Yes, the market can go down in an election year

The Ticker

January 12, 1996|By JULIUS WESTHEIMER

NERVOUSLY watching the Dow Jones industrial average skid 116 points this week -- abruptly reversing the direction of last year's surge -- investors hope stocks resume their climb in this presidential election year. But read on:

"Don't count on this year's election to support the market. True, during 1962-1983, election years averaged 13 percent gains -- and bulls use that result to support their optimism.

"However, in the period 1933-1961 and 1984-1995, election years were, on average, the worst-performing years of the four-year presidential cycle." (Sy Harding Hotline.)

MONEY-SAVERS: Excerpts from "Five Rules of Estate Planning" in Business Week, Jan. 8:

"(1) Make a will. Dying without one gives your state -- not you -- decision on who gets what.

"(2) Use a 'bypass trust' if married, ensuring that both spouses get the $600,000 federal estate tax exemption. See your lawyer.

"(3) Watch retirement accumulations to avoid excise tax on excess buildups. You may want to start withdrawing early.

L "(4) Refer to self-help software and books; read everything.

"(5) Start 'gifting' early, if you have enough to live comfortably."

CABIN FEVER: Waiting for the snowplow, I found these tidbits:

Accustaff, parent company of Baltimore-based Attorneys Per Diem, is under "Most Popular Stocks Among Five-Year Leaders" in Hulbert Financial Digest (Dec.) The stock quintupled in a year.

"When the IRS selects your tax return for audit, you're guilty until you can prove your innocence." (Smart Money, Jan.)

"Don't count on a balanced budget within the next seven years." (Kiplinger Washington Letter, Jan. 5.)

"Other things being equal, better-looking lawyers make more money than their unattractive colleagues." (Michigan State University study.)

OUR STOCKS TOPS: Results of a $10,000 investment one year ago: In U.S. stocks, $14,000; long Treasury bonds, $13,500; foreign stocks, $12,000; money market fund, $10,500; gold, $10,000. Figures rounded. (Data from Standard & Poor's.)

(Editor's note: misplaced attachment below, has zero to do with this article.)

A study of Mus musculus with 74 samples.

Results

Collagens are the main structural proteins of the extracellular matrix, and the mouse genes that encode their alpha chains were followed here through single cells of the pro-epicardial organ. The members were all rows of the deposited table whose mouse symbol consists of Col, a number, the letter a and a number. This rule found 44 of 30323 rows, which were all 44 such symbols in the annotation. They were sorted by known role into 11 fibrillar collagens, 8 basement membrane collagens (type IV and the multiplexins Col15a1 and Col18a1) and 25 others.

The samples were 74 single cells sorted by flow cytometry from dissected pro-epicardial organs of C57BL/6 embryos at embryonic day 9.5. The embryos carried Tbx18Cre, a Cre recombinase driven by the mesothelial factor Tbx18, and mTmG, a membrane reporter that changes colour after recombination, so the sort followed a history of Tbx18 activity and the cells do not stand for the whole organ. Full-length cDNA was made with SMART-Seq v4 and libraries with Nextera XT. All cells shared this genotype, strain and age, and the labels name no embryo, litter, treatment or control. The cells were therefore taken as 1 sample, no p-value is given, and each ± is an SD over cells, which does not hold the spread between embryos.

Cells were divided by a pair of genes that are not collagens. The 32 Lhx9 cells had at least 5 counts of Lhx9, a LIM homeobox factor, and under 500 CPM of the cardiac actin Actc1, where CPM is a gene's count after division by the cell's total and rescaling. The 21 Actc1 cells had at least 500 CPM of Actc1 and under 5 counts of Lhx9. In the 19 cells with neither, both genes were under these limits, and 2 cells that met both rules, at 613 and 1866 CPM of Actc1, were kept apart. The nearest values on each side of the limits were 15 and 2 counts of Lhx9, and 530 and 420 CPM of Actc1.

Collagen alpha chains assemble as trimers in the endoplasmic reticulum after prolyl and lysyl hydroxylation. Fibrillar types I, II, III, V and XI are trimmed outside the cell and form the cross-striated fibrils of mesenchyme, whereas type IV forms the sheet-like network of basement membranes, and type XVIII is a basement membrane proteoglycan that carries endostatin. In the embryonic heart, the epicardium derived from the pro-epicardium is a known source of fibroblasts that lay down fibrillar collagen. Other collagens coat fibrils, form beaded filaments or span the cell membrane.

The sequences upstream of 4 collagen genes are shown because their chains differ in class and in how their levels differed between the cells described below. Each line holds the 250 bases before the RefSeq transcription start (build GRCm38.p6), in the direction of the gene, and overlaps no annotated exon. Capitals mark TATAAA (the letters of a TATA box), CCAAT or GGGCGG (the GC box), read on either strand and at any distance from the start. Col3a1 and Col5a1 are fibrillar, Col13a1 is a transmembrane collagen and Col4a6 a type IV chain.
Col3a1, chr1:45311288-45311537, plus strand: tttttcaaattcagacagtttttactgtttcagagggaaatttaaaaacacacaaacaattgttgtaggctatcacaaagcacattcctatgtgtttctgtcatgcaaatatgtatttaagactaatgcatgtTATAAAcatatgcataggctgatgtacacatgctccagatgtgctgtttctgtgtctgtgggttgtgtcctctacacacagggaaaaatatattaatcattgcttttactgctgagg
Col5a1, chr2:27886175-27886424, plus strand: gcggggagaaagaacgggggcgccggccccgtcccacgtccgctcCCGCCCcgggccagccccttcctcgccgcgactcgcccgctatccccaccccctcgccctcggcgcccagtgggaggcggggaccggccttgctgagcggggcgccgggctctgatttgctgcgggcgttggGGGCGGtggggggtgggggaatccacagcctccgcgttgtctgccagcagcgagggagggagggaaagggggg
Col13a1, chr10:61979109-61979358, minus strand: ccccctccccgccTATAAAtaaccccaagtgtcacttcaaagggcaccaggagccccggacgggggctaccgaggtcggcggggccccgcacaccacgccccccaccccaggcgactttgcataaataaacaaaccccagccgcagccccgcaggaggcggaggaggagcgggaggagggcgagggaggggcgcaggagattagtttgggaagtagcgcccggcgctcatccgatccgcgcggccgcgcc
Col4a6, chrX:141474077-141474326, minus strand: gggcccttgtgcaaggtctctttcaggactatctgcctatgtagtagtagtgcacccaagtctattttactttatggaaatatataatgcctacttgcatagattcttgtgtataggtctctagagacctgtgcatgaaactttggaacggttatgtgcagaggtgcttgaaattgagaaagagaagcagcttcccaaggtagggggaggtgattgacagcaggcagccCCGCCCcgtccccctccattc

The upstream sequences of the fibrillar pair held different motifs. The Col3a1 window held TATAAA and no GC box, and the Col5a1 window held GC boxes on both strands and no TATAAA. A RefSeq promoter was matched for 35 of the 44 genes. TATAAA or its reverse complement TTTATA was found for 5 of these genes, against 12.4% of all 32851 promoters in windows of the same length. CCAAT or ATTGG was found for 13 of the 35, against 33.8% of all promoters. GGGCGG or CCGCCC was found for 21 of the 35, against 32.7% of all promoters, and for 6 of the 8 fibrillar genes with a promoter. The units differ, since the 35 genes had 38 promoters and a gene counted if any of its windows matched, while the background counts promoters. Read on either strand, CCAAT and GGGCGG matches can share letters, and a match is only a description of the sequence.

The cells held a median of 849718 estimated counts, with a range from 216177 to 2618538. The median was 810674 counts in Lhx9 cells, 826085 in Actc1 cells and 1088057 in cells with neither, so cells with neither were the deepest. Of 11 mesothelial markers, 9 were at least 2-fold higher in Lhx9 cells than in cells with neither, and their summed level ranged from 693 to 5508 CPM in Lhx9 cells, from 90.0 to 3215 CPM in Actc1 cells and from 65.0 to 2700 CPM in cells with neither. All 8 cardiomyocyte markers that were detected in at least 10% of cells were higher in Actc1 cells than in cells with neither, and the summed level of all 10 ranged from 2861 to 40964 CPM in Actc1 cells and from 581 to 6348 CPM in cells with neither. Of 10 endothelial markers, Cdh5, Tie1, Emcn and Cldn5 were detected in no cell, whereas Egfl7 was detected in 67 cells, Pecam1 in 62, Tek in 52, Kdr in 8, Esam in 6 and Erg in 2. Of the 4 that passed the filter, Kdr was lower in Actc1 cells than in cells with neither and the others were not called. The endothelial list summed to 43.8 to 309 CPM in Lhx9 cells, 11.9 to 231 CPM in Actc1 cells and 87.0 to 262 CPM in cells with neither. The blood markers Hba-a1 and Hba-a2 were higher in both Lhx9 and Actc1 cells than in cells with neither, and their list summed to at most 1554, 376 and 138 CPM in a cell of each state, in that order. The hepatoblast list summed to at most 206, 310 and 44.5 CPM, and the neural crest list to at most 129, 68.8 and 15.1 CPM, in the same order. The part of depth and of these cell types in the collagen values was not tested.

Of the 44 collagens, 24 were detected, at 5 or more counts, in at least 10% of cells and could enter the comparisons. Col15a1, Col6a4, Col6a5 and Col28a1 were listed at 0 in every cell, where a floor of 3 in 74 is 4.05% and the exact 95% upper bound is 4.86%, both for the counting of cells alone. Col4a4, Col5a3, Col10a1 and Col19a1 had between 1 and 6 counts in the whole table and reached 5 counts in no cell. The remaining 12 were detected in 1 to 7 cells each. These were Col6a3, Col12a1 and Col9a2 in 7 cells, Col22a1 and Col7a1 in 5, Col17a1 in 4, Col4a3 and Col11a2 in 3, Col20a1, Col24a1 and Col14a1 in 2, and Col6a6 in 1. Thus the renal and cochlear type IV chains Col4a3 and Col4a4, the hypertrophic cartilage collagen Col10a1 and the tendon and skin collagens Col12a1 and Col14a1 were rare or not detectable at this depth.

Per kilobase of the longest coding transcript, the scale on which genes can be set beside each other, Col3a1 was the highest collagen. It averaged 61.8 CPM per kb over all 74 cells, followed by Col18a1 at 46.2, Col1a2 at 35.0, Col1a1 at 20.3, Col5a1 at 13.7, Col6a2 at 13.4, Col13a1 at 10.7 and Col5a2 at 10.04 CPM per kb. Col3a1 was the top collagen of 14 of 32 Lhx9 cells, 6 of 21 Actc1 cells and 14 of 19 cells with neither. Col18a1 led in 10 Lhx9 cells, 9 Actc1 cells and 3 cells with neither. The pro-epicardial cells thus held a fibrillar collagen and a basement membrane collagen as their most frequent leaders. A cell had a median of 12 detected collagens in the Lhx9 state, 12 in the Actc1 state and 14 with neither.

TICKER QUERY: If we put men on the moon -- and fly to Europe in 3 1/2 hours -- why haven't we improved baggage-claim procedures in 40 years?

FALLING FLAKES: "If you want your people to get more excited about selling, slice them a bigger piece of the pie." (Success, Jan.-Feb.)

"In 1971, 97 percent of all lawyers were men. In 1995, 77 percent." (U.S. News & World Report, Jan. 15.)

"Pay off credit cards; 'max out' on retirement plans; review your estate plan." ("Smart Moves for 1996" in Consumer Reports, Jan.)

. MID-MONTH MEMOS: "The number of women-owned businesses jumped 43 percent since 1990." (National Foundation for Women Business Owners.)

"Businesses run by their founders expand faster than those headed by inheritors or new owners." (Coopers & Lybrand study.)

"To know when your investment will double, divide your interest into 72. At 3 percent, it will double in 24 years. At 6 percent, 12 years. At 10 percent, in just over seven years, etc." (Moneypaper, Jan.)

Due to the blizzard, the IRS now says our estimated Jan. 16 estimated income tax payments need not be postmarked until Jan. 22.